The Fair Work Commission in Brisbane has recently determined that the dismissal of an employee obtaining workers’ compensation and whose duties were being performed by labour hire workers was a case of genuine redundancy.

THE employee in this case had been absent from work for several months prior to his role being made redundant, due to a workplace injury that restricted his ability to perform his duties. The injured employee argued before the Commission that his dismissal was harsh, unjust or unreasonable due to his extended absence from work and the employer’s continued use of labour hire workers to perform the duties undertaken by his role.

Thiess met its consultation obligations

As a result of its client’s decision to restructure the workforce at the Curragh North Mine, Thiess no longer required the jobs of approximately100 employees and 50 labour hire workers to be performed. Thiess conducted meetings across two days to consult with workers at the mine about the possibility of redundancies, and to provide them with information regarding potential redeployments opportunities.

Further, Thiess contacted all absent employees, including the injured employee, the day after the meetings concluded. The injured employee was provided with the same information that all onsite employees had received, and the employer updated all absent employee contact details during these phone calls to ensure they could receive all relevant information provided to employees at the mine. This included voluntary redundancy applications and opportunities for redeployment.

The injured employee contended that all other employees participated in meetings and were offered information workshops about the proposed redundancies. The injured employee further submitted that other employees were provided with an explanation as to why their positions was being made redundant, and were also offered counselling.

The Commission concluded that Thiess had taken all reasonable steps to ensure that absent employees were provided with the same opportunities as those employees present onsite and did not accept that  the injured employee had been treated unfairly during the consultation process.

Labour hire not a barrier to redundancy

The injured employee further argued that his dismissal was harsh, unjust or unreasonable because Thiess continued to engage labour hire to perform some of the functions which he performed in his role as an operator. Also, the injured employee contended that Thiess was obliged to consider redeployment to positions occupied by labour hire workers at the mine, as well as positions at the associated entities of Thiess.

Thiess led evidence that in six months prior and at the time of the redundancies, it had reduced the number of labour hire workers by 200. Thiess emphasised that given the nature of the changes to the coal market, it continued to use a segment of labour hire workers on a daily basis to service their contracts. Thiess explained that it needed to be operationally responsive to the contractual directions of the client, and the labour hire contracts provided for flexibility.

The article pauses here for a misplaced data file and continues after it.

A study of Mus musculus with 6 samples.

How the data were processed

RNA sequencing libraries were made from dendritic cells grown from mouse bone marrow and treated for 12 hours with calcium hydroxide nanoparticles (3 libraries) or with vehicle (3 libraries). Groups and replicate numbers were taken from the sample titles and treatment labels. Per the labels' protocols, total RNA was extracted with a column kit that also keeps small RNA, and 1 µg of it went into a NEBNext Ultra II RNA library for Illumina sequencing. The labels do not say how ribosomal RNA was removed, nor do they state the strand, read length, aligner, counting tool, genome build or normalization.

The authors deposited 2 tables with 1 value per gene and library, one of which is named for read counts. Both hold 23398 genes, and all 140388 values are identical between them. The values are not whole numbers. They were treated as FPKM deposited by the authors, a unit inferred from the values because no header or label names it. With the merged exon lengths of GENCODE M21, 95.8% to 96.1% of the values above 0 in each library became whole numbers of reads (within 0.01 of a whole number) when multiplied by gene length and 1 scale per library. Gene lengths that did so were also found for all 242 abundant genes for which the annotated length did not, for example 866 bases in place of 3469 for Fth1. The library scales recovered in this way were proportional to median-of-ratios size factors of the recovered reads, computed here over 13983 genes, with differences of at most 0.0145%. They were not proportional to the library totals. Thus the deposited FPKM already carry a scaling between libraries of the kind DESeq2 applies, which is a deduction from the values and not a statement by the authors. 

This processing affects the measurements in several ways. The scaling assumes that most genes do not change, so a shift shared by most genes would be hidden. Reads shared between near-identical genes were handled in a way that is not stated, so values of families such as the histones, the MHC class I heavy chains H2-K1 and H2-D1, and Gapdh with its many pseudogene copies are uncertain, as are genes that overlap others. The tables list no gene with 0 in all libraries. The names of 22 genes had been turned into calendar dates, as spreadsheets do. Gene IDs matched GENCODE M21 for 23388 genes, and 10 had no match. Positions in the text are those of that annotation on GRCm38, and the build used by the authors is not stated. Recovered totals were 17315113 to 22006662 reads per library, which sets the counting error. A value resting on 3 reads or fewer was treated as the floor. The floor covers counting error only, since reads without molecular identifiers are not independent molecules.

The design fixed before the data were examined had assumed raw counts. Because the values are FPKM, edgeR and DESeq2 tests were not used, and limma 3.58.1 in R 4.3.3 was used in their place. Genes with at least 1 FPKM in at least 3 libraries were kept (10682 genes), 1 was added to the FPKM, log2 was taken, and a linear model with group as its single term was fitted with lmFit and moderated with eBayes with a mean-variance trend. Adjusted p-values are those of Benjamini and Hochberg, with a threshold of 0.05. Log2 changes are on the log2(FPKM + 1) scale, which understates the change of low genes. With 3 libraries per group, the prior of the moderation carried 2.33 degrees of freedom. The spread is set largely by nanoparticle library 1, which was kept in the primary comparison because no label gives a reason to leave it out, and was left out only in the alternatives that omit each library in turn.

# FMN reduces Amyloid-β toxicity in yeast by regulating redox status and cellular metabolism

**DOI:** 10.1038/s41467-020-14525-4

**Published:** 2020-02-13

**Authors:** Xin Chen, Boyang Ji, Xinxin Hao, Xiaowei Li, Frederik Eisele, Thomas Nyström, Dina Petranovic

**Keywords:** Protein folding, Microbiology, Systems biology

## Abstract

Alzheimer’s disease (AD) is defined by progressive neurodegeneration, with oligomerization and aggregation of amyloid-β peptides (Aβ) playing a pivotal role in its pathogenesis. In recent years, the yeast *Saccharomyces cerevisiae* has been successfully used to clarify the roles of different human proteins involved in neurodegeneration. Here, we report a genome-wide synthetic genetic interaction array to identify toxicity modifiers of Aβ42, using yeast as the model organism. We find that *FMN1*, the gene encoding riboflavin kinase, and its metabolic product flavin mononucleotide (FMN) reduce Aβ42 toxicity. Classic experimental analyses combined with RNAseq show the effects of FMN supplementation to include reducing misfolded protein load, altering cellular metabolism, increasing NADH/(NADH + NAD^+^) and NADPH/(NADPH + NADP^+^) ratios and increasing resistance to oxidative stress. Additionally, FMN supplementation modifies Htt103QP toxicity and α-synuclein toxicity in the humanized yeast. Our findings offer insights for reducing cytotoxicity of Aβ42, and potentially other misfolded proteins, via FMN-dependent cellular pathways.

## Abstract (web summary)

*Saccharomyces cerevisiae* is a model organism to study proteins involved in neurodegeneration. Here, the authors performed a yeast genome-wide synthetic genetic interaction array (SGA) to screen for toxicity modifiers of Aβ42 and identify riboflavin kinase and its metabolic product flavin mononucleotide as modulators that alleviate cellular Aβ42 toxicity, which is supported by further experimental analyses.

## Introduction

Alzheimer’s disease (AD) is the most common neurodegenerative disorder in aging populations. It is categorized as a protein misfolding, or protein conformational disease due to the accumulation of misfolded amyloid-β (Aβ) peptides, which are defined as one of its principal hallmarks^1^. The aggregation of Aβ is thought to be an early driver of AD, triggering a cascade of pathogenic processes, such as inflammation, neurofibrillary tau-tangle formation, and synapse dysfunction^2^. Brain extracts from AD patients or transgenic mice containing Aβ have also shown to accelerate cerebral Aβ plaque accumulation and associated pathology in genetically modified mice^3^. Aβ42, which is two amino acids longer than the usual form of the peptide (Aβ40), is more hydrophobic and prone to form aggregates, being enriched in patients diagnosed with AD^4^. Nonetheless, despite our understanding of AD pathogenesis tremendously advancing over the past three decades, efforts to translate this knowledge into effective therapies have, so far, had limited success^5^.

The Commission rejected the injured employee’s assertions that his role was still required to be performed because labour hire workers’ performed some of the duties previously comprising his role. In relying on the authority in Ulan Coal Mines No. 1, the Commission held that:

“An inquiry (into whether the job is required to be performed) is not directed to whether there are duties left to perform, rather that the inquiry should be to whether the actual job remains after the restructure.”

Further, the Commission rejected the injured employee’s submission that Thiess ought to have displaced labour hire workers to redeploy the injured employee in its business or the business of an associated entity. The Commission accepted that Thiess had provided a list of the redeployment opportunities within Thiess, however the injured employee did not engage in any discussion regarding redeployment.

Click here for the decision.

Lessons for employers

The decision is encouraging for employers and highlights the increasing importance in the current economic climate of maintaining flexibility in workforce structures. Further, the decision serves as an important reminder to seek advice on often complex consultation and other requirements before commencing a workforce restructure.

If you need assistance regarding redundancy or workforce restructure, contact one of AREEA’s experienced employee relations practitioners for assistance.  Effecting dismissals will also be workshopped as part of the upcoming industry briefings in Townsville, Newcastle and Brisbane. To register your attendance, click here.